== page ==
A great ecumenist

Bishop G. Russell Hatton Photo: General synod archives
Bishop G. Russell Hatton Photo: General synod archives
By on March 1, 2012

Bishop George Russell Hatton died on Jan. 14 after a short battle with cancer. He was 79.

Bishop Hatton was “a great ecumenist” and brought a “high degree of energy and enthusiasm to his ministry,” Archbishop Fred Hiltz told the Anglican Journal. “He had a great capacity for really engaging people,” said the primate of the Anglican Church of Canada, who delivered the homily at Bishop Hatton’s funeral on Jan. 21 at Anglican Christ Church, Dartmouth, N.S.

The son of a coalminer, Bishop Hatton began his formal ministry in 1957 in his home province of Nova Scotia. He served as assistant priest at All Saints’ Cathedral in Halifax and as the Anglican chaplain at Dalhousie University.

Bishop Hatton later graduated from General Theological Seminary in New York and Yale Divinity School in New Haven, Conn. He was the chaplain-
director of the University Episcopal Center in Minneapolis, Minn., from 1964 to 1972, and in 1971, received his PhD from the University of Minnesota.

From 1972 to 1977, Bishop Hatton served as national affairs officer of the Anglican Church of Canada in Toronto. He also was a lecturer at the University of Toronto and established the Doctor of Ministry Program at the Toronto School of Theology.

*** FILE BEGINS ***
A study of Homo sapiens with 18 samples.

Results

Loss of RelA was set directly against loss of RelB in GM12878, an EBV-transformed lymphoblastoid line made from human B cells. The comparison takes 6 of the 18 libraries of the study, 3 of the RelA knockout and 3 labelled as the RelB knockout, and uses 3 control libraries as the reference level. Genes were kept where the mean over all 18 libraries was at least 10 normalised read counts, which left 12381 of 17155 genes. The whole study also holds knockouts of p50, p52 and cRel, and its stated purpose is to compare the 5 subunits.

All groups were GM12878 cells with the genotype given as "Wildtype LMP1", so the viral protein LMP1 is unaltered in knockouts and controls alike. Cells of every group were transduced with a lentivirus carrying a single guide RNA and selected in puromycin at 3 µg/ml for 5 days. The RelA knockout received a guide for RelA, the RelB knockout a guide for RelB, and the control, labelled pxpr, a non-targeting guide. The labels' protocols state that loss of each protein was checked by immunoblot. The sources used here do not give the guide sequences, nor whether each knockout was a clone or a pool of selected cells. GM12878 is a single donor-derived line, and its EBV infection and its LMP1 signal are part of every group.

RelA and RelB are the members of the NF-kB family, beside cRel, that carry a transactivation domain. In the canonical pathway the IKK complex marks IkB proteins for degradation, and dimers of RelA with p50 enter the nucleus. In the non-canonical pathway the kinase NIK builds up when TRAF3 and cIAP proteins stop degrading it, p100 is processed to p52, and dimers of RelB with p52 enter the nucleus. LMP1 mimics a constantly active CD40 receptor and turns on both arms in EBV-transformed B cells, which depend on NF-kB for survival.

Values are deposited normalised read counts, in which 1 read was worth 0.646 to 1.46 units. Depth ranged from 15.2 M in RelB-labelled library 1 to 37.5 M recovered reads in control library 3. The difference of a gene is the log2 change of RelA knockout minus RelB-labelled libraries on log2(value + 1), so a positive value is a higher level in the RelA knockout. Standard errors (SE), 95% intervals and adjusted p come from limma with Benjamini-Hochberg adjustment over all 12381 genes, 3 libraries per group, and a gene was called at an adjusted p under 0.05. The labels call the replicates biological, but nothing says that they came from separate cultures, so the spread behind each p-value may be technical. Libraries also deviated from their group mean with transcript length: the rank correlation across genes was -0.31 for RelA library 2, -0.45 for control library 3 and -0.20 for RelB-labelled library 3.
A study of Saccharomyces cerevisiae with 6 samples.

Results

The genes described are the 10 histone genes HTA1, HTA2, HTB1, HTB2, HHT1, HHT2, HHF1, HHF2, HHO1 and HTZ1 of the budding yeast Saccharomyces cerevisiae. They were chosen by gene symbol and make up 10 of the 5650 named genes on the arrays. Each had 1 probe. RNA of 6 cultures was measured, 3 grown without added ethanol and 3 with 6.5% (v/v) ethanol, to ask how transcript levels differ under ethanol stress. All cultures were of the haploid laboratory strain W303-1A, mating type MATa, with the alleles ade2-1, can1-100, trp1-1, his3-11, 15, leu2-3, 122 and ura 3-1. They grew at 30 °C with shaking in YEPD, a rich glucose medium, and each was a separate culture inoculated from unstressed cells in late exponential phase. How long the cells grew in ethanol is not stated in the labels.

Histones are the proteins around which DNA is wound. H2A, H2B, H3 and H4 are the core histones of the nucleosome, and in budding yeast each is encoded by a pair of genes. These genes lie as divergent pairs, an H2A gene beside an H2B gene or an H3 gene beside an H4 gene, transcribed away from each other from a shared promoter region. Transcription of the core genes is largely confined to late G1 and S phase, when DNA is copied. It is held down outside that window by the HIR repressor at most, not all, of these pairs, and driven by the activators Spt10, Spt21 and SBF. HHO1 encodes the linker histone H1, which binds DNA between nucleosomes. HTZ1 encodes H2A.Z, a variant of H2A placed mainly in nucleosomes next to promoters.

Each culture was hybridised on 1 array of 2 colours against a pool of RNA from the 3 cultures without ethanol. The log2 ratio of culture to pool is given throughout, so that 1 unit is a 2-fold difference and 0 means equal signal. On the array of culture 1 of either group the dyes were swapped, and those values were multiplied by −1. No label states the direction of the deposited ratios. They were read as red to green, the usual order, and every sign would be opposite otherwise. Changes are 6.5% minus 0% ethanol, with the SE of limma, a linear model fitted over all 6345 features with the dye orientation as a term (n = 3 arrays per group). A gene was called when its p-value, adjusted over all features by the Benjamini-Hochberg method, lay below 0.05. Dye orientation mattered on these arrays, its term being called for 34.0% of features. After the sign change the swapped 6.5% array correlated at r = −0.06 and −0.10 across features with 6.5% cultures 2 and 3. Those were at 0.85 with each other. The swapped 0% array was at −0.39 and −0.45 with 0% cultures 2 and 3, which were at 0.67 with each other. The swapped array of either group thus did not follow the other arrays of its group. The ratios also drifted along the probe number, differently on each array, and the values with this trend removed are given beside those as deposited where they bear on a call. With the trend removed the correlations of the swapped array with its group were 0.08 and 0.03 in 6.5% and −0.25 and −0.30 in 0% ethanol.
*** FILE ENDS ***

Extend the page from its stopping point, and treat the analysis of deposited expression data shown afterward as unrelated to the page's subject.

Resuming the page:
In 1980, he became president of the ecumenical Atlantic School of Theology in Halifax and was elected suffragan bishop in the diocese of Nova Scotia and Prince Edward Island in 1986. In 1990, he became dean of theology at Huron College in London, Ont. He also served as the Anglican Bishop Ordinary to the Canadian Armed Forces. After retiring in 1997, Bishop Hatton was named assistant to the bishop of Montreal and settled in Sutton, Que.

In 2005, he and his wife returned to Nova Scotia. Bishop Hatton was actively involved in pastoral care, the local food bank and Commissionaires, and for six years he served on the Halifax Dartmouth Bridge Commission.

He is survived by Barbara, his wife of 51 years, daughters Brooke and Wendy, and grandchildren Matthew, Ian, Christopher and Allyson. He is also survived by his sisters, Emma, Dorothy and Betty.


  • Leigh Anne Williams joined the Anglican Journal in 2008 as a part-time staff writer. She also works as the Canadian correspondent for Publishers Weekly, a New York-based trade magazine for the book publishing. Prior to this, Williams worked as a reporter for the Canadian bureau of TIME Magazine, news editor of Quill & Quire, and a copy editor at The Halifax Herald, The Globe and Mail and The Bay Street Bull.